Teaching Students how to Give Sincere Compliments

Have you ever witnessed the profound impact of a heartfelt compliment in your classroom? As educators, cultivating a culture of kindness through compliments can significantly enhance the learning environment. This is especially poignant as we approach National Compliment Day on January 24th, a perfect occasion to incorporate a lesson in positivity and recognition among students.

I want to introduce you to the EAR Method which I learned from the book “Find Something Nice to Say – The power of compliments by Debby Hoffman (affiliate link)

The EAR Method: A Tool for Positive Reinforcement

Exploring the Senses

Encourage your students to utilize their senses to discover unique compliments. It’s about noticing the details that are often overlooked. Did a student create a visually striking art piece? Or perhaps another has written a story that captures the imagination with vivid descriptions. These sensory experiences can be the basis for meaningful compliments.

Accentuating the Positive

In every interaction and every piece of work, there’s a silver lining. Teach your students to find that positive aspect. It could be the diligence a student shows in solving a math problem or the enthusiasm someone brings to a class discussion. Highlighting these positive traits reinforces their value in the classroom.

Reciting Their Worth

Recognizing the inherent worth of each student is fundamental. Compliments can be about character as much as achievements. Is there a student who always lends a helping hand or another who displays resilience in the face of challenges? These attributes deserve to be celebrated, and doing so can build self-esteem and a sense of community.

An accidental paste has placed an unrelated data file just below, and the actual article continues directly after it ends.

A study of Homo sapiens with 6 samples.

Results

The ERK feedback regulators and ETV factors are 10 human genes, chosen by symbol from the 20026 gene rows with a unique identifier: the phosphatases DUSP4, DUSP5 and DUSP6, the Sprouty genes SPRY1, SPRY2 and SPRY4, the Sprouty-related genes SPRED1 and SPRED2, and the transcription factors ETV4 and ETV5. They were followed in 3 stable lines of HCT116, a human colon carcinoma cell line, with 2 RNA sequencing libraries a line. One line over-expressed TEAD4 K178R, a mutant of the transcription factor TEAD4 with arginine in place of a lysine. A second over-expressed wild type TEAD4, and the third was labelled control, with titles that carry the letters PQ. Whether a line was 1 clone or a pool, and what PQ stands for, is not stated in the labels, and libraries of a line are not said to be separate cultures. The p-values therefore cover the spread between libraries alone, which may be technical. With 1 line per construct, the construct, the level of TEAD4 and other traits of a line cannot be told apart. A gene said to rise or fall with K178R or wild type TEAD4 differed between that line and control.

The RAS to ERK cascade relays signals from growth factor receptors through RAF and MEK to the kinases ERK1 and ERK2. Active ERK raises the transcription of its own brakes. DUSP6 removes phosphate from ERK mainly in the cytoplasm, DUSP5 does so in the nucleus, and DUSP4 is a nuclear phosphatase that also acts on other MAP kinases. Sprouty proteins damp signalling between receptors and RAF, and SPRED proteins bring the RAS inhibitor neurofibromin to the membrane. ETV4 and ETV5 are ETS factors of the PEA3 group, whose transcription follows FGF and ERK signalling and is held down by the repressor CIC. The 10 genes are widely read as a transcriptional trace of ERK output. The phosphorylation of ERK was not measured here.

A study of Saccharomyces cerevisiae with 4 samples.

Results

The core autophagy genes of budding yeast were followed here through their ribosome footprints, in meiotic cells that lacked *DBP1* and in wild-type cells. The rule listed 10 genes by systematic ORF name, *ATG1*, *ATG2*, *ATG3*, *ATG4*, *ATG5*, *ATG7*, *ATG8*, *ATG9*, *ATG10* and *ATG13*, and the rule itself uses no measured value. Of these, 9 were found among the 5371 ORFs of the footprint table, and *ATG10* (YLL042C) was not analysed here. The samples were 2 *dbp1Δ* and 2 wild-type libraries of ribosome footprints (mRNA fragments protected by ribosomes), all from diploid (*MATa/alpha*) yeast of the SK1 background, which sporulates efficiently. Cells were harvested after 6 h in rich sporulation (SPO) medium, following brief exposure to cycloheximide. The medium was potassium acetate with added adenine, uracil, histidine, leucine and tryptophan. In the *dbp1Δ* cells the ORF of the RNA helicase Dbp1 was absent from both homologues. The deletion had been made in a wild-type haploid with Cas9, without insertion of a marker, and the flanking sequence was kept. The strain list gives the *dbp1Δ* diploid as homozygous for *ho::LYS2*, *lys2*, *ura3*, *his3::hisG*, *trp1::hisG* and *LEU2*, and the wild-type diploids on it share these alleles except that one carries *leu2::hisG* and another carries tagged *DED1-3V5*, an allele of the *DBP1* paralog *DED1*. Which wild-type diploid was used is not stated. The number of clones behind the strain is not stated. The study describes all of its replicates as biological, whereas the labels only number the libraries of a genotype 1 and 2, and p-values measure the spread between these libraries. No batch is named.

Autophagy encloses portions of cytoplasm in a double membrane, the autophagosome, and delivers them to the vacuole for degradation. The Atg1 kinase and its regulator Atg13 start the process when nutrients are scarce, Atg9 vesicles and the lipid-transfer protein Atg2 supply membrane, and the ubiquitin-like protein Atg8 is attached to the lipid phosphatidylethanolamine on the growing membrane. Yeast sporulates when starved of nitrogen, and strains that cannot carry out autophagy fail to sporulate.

• Start a compliment chain, where each student gives a compliment to another, highlighting different senses and positive attributes.
  • Create a compliment board in the classroom where students can post compliments for their peers.
  • Encourage students to keep a journal of compliments they receive and reflect on how it made them feel.
  • Use the poster as a daily reminder and inspire students to give at least one compliment per day.

The Ripple Effect of Kindness

By teaching students the art of giving and receiving compliments, we plant seeds of kindness that can grow into a garden of positive interactions. This National Compliment Day, let’s make every classroom a place where compliments are as natural as breathing, and watch as the culture of kindness envelops each student, empowering them to spread positivity within and beyond the classroom walls.